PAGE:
The drive to stop LGBT Americans from obtaining protections against discrimination in housing, hiring, health care and other rights has come between a Republican Texas lawmaker and his gay son.
According to the Texas Observer, Rep. Rick Miller (R)’s son, a Houston attorney and LGBT activist, took to Facebook to voice his disapproval of the discriminatory law his father has introduced before the state House and to try and enlist other Texans in the fight against the bill.
Beau Miller wrote on his Facebook wall on Thursday, “As many of you know by now, my dad has authored and submitted a bill in the Texas House of Representatives that, if signed into law, would prevent municipalities in Texas from maintaining sexual orientation anti-discrimination laws. While I love my dad very much, I am extremely disappointed by his actions and will do everything I can to prevent that bill, or any such legislation, from becoming law.”
The younger Miller went on to say, “I am hopeful that I can persuade him to agree to not pursue this bill’s advancement, that outcome is far from certain. If anyone would like to help in this effort, I suggest writing to him about yours or a friend’s experience with discrimination and how it felt.”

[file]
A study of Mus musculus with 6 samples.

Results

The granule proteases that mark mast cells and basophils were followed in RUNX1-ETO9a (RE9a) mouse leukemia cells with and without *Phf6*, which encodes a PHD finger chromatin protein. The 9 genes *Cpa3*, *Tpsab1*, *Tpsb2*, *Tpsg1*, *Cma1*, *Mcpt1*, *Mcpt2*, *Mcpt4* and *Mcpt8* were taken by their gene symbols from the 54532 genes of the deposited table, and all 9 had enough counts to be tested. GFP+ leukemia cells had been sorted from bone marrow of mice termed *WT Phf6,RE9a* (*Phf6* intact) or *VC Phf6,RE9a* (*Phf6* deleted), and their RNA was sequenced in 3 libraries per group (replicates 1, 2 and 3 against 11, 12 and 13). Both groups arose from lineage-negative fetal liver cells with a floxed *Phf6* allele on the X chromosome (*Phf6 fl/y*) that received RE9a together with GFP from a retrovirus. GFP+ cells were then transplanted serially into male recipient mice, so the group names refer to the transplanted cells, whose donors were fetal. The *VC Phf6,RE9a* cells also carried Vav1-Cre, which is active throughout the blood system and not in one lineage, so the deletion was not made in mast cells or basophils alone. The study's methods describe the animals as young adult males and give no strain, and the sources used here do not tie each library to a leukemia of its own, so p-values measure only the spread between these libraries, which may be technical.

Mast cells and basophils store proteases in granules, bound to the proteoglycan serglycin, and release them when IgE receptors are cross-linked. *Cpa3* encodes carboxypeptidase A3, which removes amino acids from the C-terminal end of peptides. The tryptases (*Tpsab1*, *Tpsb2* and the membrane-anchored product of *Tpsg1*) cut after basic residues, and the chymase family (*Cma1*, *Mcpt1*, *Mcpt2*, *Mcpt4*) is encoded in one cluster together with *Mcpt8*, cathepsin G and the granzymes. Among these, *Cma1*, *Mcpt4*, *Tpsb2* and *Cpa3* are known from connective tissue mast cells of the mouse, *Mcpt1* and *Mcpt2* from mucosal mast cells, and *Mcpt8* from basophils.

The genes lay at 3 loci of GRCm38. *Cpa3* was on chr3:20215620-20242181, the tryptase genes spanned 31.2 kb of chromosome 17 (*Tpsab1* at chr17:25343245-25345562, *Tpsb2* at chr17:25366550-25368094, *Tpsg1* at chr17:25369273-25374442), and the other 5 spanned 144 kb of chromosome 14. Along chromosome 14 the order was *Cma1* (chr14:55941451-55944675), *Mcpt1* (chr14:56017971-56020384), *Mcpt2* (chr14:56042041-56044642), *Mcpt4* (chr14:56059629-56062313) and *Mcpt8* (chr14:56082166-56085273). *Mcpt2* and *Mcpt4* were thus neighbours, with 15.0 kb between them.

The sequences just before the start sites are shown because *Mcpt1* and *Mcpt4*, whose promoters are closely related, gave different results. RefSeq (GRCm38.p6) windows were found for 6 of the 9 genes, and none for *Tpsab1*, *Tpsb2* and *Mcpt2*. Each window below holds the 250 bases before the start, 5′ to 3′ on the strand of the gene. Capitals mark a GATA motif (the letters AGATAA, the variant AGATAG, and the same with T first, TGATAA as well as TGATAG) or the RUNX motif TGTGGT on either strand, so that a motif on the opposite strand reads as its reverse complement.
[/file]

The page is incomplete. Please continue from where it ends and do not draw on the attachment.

However, he urged anyone contacting his father to please be civil.
“To that end, and with full recognition of the deep emotions at play, please do not match hate with hate, or engage in name calling or insults. It does not help. Those type of communications tend to do more harm than good,” he wrote.
Rep. Miller’s bill, Texas H.B. 1556 would undo all LGBT nondiscrimination ordinances enacted in any Texas municipality, including ordinances passed in Austin, Dallas, San Antonio, El Paso, Fort Worth, Houston and Plano.
The Observer reported that some 7.5 million people are currently covered under existing nondiscrimination ordinances.
Miller claims that nondiscrimination ordinances will hurt businesses in the state and that his bill, if ratified, will promote business growth.
“Because every private business is different, nothing in the bill prevents local businesses from voluntarily adopting their own discrimination policy not currently included in state law,” the lawmaker said.